Whiskey Leatherworks is excited to share a new film, shot on location in Montana
Two Yellow Lines.
We are honored to have had the opportunity to connect directly with one of the producers of the film: Billy "Zeb" Smith.   

Hi Zeb, 
Our entire family loved your new film, Two Yellow Lines.  Our 15-year-old daughter has actually said, in quiet moments, "I really loved that movie"- completely unprompted.
This is a tough movie for a homesick Montanan. The film captured well Montana's ethos.  Olfactory memories, triggered by charred forest and camp smoke. The shocking ice cold river plunge. We reveled in the swirling evening Montana air, from the back of the bike.  In short, you brought us home.
Why this place, these people, and this story?

Zeb Smith: 

What an introduction! Wow. It’s always such a surprise when something so deeply personal to me, can have such a visceral affect on someone else, so far away. But then I guess I had a very immediate reaction to your hand forged belts. So maybe hard-loved and brow-beaten efforts are just something some of us have an extra soft spot for. 

This film was put together by four best friends, all fathers of young daughters, and all with deep ties to that part of the country. We had no studio support, no big financial backing— just this burning desire to make a film that meant something to us, after years in Hollywood had left us… well, feeling less than fulfilled.

The film’s main character is played by my best mate, Zac Titus. Zac and I became fast friends nearly twenty years ago, after serendipitously landing as neighbors in Los Angeles’ Laurel Canyon. Despite being surrounded by Hollywood, it was our shared love of the mountains that brought us together. We would leave LA at 2 AM to drive the five or six hours up to Mammoth whenever a big storm came in to find fresh tracks, before driving those same five or six hours back after the lifts closed.

After a few years, his eldest daughter Alexis started coming along. Zac would hike up small hills in the backcountry with her in his arms, stand her up on her little snowboard, and send her twenty feet down to where I’d catch her. Ten years later, that little girl would grow up to play our film’s second lead, and Zac’s on-screen daughter. Halfway through the filming, Lex pulled me aside and asked if I would be her godfather. The love runs deep.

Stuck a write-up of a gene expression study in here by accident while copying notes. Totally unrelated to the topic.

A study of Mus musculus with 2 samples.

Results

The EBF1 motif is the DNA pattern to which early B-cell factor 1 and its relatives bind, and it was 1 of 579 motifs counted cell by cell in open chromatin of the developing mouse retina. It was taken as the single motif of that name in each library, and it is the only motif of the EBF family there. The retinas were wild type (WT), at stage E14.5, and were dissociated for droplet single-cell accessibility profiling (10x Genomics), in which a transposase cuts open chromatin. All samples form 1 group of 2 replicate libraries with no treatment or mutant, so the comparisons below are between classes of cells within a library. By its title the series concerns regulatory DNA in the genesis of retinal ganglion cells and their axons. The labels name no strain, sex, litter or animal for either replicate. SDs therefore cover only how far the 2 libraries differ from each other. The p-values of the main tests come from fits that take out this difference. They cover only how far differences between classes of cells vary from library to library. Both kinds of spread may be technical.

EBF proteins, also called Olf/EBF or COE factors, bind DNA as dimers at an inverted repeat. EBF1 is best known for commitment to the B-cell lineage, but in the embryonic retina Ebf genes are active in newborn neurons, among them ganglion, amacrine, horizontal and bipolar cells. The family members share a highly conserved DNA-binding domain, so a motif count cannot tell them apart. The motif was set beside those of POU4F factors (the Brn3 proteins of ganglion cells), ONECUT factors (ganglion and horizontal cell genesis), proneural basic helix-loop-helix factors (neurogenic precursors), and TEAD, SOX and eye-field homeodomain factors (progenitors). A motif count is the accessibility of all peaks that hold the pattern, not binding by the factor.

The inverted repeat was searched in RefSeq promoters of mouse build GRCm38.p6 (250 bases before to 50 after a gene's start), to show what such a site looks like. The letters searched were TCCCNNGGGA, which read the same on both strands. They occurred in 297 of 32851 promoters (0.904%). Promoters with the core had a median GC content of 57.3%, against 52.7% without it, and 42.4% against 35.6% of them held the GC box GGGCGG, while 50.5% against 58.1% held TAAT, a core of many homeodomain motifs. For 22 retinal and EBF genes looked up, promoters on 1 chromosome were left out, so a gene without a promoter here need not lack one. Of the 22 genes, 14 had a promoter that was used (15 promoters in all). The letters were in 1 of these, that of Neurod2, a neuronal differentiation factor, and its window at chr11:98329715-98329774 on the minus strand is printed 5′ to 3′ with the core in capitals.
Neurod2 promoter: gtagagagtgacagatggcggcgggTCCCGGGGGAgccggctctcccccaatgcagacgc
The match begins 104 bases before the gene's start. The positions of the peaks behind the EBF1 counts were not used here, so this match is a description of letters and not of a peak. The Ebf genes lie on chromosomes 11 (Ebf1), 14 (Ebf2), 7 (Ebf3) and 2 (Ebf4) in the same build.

One Thanksgiving, we went to visit Alexis’ grandfather at his ranch outside of Helena (Montana), where Zac and I would spend long days looking for elk. Waking up at 3:30 each day, taking the truck as far as we could in the pre-dawn snow, only to then hike deeper and higher into the forest service lands surrounding the family ranch. It wasn’t until our last day that we finally came upon a bull, and our two families shared that meat for the better part of the year to come.

It was no surprise when the following year, our good pal, fellow storm-chasing Mammoth rider, and our Two Yellow Lines co-producer, Jake Olsen, decided he wanted to come looking for elk, too. Despite our individual histories with these parts, and my childhood growing up a few hours south in Jackson Hole, it was these days traversing Montana’s hinterlands that really made her something special, something spiritual, to us collectively. So when it came time for us to make a film, it was obvious where we were headed. 

The fourth member of those early morning Mammoth runs was Derek Bauer, our film’s director. Derek grew up skiing and mountain biking in the Cascades, so it took zero effort on any of our parts to convince him of the untouched majesty of Montana.

Our film was inspired by the events and aftermath of the Mann Gulch fire, famously recounted in Norman Maclean’s harrowing novel, Young Men and Fire. But though that stands as the inspiration for the film and the lead character’s backstory, our story was actually sparked by a long distance motorcycle ride Alexis took with her grandfather from Montana to Ohio, and the accelerated forge that bike became for their deepening relationship. Turns out, there aren’t a whole lot of places to hide on the back of a Harley, from your copilot, or yourself.

And while Montana is undoubtedly the unspoken star of our film, it was the Montanans she spawned that made this film possible. Every town we shot in, every coffee shop we swarmed, the endless support of each individual and every community from Helena to Thompson Falls and the half dozen in between, is directly reflected in pretty much every shot of the film. We are endlessly grateful for that, and for all that the state provided, and we only hope our little love letter back does the state, her beauty, and the local populations, some justice. We can’t wait to get back there to make another. Or to just enjoy.